Microsoft’s advertising misfires
“Many a small thing has been made large by the right kind of advertising” – Mark Twain
Microsoft wouldn’t be where it is today without the ability to capture the imagination of its customers with advertising. But when Microsoft’s ad machine misfires it does so dramatically, as the following selection of clips from the last decade will show.
Despite its po-faced image – something that Apple’s I’m a Mac adverts sought to perpetuate – Microsoft hasn’t always taken itself so seriously. Delve back into the mists and you’ll find this gem from Steve Ballmer – a perfect example of a large thing being made even larger by the right kind of advertising. Over to you, 1986 Steve.
In the early days downright zaniness was a key part of Microsoft’s marketing appeal, with even videos sent to its own retailers delighting in juxtaposing the perceived seriousness of the brand with the downright bizarre. Take the next clip. A seemingly innocuous marketing video at first glance, it’s not until you hit the seven-minute mark that things take a turn for the exceedingly strange.
Fast forward to the year 2008 and Microsoft had clearly decided that even mentioning the product it was advertising was utterly passé. This time Bill Gates takes centre stage with renowned funny guy, Jerry Seinfeld. If the painfully stilted interplay between Gates and Seinfeld isn’t horrific enough – Gates looks like he’s delivering his lines with the help of a cattle prod – the final moments are about as gut-wrenchingly sickening as watching your dad try to do the Rolex Sweep after one too many Xmas ales. No, Bill. Please. Don’t wiggle like that. Ever. Again.
Yes it’s terrible, but Microsoft’s never met a dead horse it didn’t enjoy flogging. Cue another pair of adverts, this time placing Gates and Seinfeld in the midst of a “normal” family. Imagine Larry David’s Curb your Enthusiasm bleached of all its humour – yes, every last drop of it – and you’re halfway there. Thankfully, this was to be the last video from the duo, and it was to the deafening sound of utter indifference that Microsoft canned any further ads in the series. And, if you thought Gates’ arthritic gyrations at the end of the Shoe Circus were bad, wait for the Robot dance. Dear God.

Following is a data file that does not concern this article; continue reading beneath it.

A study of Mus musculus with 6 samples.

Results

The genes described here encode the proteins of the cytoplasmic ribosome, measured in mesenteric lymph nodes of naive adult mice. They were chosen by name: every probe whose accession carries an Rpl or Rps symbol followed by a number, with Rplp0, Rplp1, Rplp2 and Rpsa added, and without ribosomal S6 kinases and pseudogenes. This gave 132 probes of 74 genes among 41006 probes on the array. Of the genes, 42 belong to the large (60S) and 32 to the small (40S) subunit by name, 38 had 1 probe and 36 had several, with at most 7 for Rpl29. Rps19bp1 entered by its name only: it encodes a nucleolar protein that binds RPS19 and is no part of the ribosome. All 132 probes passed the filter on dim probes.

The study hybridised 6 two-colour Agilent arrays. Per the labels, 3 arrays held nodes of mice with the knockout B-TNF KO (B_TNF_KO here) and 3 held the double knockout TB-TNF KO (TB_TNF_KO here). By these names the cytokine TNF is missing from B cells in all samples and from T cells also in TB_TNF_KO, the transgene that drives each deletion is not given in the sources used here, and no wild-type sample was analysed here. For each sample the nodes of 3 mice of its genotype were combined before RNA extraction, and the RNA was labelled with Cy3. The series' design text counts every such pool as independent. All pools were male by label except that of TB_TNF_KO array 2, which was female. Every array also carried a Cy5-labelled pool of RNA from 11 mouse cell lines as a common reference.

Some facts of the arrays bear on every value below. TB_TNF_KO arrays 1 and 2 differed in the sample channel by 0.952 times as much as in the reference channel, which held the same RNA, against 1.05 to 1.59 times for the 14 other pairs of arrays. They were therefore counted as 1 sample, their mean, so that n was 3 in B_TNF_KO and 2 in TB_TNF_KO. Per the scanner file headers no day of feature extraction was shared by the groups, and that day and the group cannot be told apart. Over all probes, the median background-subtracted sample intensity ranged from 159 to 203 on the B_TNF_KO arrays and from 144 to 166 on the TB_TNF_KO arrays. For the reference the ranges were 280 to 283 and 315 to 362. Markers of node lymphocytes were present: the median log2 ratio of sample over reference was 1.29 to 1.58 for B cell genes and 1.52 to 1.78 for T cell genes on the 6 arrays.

It came as little surprise that even the creators of Family Guy struggled to mine the non-existent seam of comedy that was Windows 7 in the following clips. My favourite is the surreal side swipe at Apple’s spinning wheel of death, but the other two adverts appear to have had every ounce of humour ripped out by nervous marketing execs, their trousers worn thin from shuffling around in their seats. All it would have taken was a scene with Quagmire, his inimitable catchphrase and a reference to his doubtlessly illicit surfing habits, and Microsoft might just have had some irreverent comedy gold on their hands. Sadly, it wasn’t to be.
The worst was yet to come. Windows 7 needed to launch with a bang, and to accomplish this Microsoft’s hive mind somehow settled on the idea of a Windows 7 Party. The idea was simple in every sense of the word. Invite your friends to sit around eulogising about the wonders of Windows 7, and try to have a good time while you’re at it. But like an F1 key for social inadequates, or just disinterested sadists, Microsoft employed several actors, replete with rictus grins and the ability to laugh at the most inopportune moments, to show you just how to get that party started.
Just so you know, if you make it past the thirty second mark, your will is strong. If you make it to the end you’re probably in possession of superhuman powers and should consider using them to save the universe. Either that, or you’re dead. Come back, Bill; come back, Jerry, all is forgiven.
However, while the Windows 7 Party advert left us tearing at our retinas with a rusty biro, some of the year’s adverts from the big M have proved genuinely funny. Internet Explorer 8 may seem the most unlikely of targets for a genuinely amusing campaign, but the combination of Dean Cain of the New Adventures of Superman fame and some bizarre acronyms proved a winning combination.
Ironically enough, the funniest Microsoft-related videos had nothing to do with advertising at all, but were intended as a bit of light relief for new Microsoft employees. Made back in 2004, and allegedly leaked a few years later, they featured the winning partnership of Ricky Gervais and Stephen Merchant. With Gervais reprising his David Brent role, and Merchant taking on that of a Microsoft employee, the videos are enough to make us wish Bill and Jerry had left the ads to the experts.